The Road

Book  Review

©2009 Kathy Larson

The Road by Cormac McCarthy

Read this book.

Then give it your brothers, sons, husbands, fathers, any male you are relatively close to, to read.  It’s not because it’s that good (which it is) that I say this, it’s because this is a book that will touch any man who has ever had a close relationship, or wished they’d had a close relationship with a son, a father, or a brother.  But, it’s not just a story for men about men, it’s a story for people, so, on second thought, give it to anyone you care about.

Basically, this is a survival story, but in a setting where survival is ultimately hopeless.   Some terrible, cataclysmic event has taken place, McCarthy is careful to never say what it was, and the earth is essentially a wasteland.  The only survivors are humans, and not many of them.   Better that they should have all died considering there is no food, no drinkable water, and no sunlight.  And, as in all apocalyptic sagas, there are roving bands of men who have decided that brutality and bestiality are the only ways to survive.  Into this world McCarthy throws his dying protagonist, whose sole companion is his young son.

Somehow, this pair has managed to survive for about nine years.  The wife/mother abandoned them years before, choosing suicide over hopelessness.  Her memory is not a source of comfort for either the man or the boy; there almost seems to be a sense of anger directed at her for leaving them alone to struggle in this hostile world.  The presence of women in The Road is minimal and when it is it is ugly and terrifying.   There is no room for equality in this bleak nightmare world, and there are no sensitive concessions for being deemed the weaker sex, only despair.

What is at stake in The Road is not merely the survival of this father and his son, but the survival of faith and all that it means to be human.  That, and the meager supplies of food and water they manage to scavenge once in awhile, is all these two wanderers have to sustain them on their journey.   For the man there is no returning to life as he once knew it, and for the boy the only hope is to reinvent the world he was born in to.  They are the ‘good guys,’ and ‘carriers of the light,’ in search of other good guys.  The boy must survive if there is to be any hope at all.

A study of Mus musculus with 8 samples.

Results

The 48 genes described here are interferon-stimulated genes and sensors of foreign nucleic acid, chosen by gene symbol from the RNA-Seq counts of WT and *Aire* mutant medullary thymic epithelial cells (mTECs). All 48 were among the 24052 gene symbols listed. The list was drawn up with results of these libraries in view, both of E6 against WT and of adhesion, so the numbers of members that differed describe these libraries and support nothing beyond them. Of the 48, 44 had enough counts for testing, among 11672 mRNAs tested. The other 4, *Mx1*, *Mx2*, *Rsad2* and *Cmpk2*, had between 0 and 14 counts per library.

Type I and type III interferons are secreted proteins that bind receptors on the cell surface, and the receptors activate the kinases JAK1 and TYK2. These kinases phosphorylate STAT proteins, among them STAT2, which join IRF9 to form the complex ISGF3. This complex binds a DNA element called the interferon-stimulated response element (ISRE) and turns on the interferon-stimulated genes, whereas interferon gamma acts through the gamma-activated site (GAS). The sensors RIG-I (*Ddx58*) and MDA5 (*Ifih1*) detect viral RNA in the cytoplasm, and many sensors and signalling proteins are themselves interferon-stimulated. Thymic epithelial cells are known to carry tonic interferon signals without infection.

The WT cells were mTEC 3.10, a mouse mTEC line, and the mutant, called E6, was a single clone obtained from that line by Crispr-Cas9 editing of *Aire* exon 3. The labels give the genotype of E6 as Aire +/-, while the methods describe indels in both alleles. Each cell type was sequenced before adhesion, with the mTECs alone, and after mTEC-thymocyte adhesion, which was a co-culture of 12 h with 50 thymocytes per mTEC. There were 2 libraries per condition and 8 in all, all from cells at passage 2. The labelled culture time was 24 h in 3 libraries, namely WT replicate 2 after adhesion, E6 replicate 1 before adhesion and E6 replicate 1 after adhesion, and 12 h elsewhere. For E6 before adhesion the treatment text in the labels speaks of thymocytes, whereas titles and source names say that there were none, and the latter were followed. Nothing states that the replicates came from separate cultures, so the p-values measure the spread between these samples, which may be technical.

McCarthy’s stream of consciousness writing moves his story along at a relentless pace.  His short staccato sentence structure and sparse use of punctuation draw you along, sometimes unwillingly, into places you’d rather not go, but like gawking at a bad accident you just can’t stop yourself.   Despite the elements of darkness and despair in The Road there are also moments of indescribable beauty and emotion.  One such is the scene in which the father bathes his son; it achingly represents an act of pure and simple love, something they really have no luxury for.  It, more than any other moment in the novel exemplifies all that has been lost, and all there is yet to hope for.

The Road was one of the considerations for the Canada Reads competition this past summer on CBC Radio and I wish it had come out on top.  More people should read this book, it will make them appreciate those they love and the tenuous nature of what we all take for granted and call life.